I moved in with my partner of two years about seven months ago. It’s my first time living with someone, at the not-so-tender age of in-my-thirties. The problem is that I have a Very Important need to pay my fair share of things we buy. Let’s call it a guilt complex stemming from who the hell knows what. Either way, when we started to share rent and utilities responsibilities, we had to figure out a way to make things equitable (with very different incomes), while also easing into the whole finance sharing idea in general.
This was, in all honesty, very scary for me. It’s scary to be helping to manage someone else’s money and attempting to be frugal when you’re the one using it (like for groceries, in my case — I do most of the food shopping). We decided on a “three pot” system of one shared account plus our own individual accounts. Here’s how we do it…
Our own accounts for non-shared items
Non-shared items such as clothing, toiletries, hobbies, etc. remain as paid from our own personal accounts. This means I’m not paying for his computer toys and he’s not paying for my tampons. It also means we can buy gifts for each other without anything suspicious hitting a shared account that the other could see.
Since we both have different incomes, we spend differently when it comes to things like meals. So we decided to keep dining out separately as a personal expense. That way if I’m being thrifty and living off of leftovers, he can grab a bite at work without having to worry about me paying for it. If we eat out together, we share the cost from the shared account.
One shared account for household expenses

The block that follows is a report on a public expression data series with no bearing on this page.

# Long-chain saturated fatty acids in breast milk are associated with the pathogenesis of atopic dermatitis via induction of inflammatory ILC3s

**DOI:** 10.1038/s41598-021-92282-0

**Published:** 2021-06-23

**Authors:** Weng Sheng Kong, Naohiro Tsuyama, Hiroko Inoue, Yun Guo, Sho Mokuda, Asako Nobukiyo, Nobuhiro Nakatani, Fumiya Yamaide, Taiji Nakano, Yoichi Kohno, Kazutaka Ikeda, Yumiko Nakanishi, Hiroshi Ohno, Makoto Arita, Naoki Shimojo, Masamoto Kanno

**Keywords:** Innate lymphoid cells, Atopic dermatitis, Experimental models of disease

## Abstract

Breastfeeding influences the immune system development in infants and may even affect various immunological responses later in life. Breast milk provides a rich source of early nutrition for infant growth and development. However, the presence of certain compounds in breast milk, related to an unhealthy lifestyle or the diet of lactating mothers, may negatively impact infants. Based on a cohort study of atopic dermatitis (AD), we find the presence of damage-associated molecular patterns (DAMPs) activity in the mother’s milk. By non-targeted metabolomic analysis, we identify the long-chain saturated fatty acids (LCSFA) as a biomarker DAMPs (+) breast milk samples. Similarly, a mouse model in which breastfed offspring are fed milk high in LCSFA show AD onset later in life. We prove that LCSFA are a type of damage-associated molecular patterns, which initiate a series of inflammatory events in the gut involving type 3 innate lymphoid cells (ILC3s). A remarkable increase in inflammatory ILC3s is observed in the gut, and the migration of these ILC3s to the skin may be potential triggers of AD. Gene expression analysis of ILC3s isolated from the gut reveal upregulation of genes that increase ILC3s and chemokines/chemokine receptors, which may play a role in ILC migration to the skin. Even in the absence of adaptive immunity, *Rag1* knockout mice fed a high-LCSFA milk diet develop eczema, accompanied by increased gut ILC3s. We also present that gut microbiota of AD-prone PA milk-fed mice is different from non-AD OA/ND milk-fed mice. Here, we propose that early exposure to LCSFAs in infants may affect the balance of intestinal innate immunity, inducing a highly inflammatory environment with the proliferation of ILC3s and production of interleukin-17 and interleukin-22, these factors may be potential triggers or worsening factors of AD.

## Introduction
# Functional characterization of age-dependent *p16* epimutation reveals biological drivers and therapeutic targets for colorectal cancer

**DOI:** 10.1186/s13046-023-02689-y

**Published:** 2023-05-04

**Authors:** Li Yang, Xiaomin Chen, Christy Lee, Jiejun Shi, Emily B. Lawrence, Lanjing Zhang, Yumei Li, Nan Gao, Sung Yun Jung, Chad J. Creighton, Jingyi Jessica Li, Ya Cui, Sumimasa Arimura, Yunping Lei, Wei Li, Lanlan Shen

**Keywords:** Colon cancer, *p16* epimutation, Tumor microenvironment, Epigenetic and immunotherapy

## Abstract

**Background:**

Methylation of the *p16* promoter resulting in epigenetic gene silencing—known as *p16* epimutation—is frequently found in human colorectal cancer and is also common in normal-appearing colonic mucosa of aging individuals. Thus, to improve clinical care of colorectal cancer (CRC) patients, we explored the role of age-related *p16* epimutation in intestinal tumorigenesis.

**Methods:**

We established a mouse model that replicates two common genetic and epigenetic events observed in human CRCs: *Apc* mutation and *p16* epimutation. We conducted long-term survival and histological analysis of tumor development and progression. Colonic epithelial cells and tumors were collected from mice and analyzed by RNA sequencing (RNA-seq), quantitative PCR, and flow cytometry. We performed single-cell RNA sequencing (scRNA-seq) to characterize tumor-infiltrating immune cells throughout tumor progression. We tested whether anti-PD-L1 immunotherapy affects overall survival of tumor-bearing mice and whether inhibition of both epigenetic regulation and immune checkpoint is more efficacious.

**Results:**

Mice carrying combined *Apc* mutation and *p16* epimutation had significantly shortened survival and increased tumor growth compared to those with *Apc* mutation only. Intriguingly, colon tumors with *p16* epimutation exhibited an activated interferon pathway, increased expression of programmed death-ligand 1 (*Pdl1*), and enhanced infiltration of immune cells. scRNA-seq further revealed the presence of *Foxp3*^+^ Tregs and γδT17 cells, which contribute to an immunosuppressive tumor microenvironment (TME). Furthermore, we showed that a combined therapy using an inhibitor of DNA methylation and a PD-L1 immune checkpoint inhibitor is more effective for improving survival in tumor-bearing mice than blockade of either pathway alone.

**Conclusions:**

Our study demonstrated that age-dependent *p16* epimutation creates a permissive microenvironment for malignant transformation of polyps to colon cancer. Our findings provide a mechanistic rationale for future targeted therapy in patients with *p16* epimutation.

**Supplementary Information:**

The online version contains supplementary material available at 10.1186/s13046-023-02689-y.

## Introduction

We opened a joint bank account for shared household items, groceries, shared vacations, rent, split utilities, etc. We divided the rent according what we could pay and split the other utilities down the middle. Then we padded the number out for shared gift buying and other non-planned expenses.
We have to keep an eye out for overdrafts since we’re both pulling from this account, but otherwise it’s transparent and as equitable as it can be considering our income differences. There is some risk in having a shared account, especially when you’re not married. Don’t forget to learn what the risks entail in a joint account such as debt collection, credit damages, and tax issues.
The big ol’ spreadsheet
Anyone at the Empire knows my love for a good spreadsheet (I made these for your wedding planning needs!), so naturally, we decided to keep track of the expenses with a monthly spreadsheet. We plug in the bills we pay, and it tallies up what we both owe (with different totals depending on your setup — say, if you pay a smaller percentage of the rent). It’s simple, but it gives us an overview of where we’re spending and on what.
It’s still scary to be putting money into a shared pot that becomes a nebulous thing, but it’s helping me (the worrier) to ease into the idea of sharing a life. It’s totally NOT mandatory to share any accounts with your partner, married or otherwise, but for us, this seems to be what works.
Next we’ll tackle how to manage the cats liking one of you over the other… just kidding.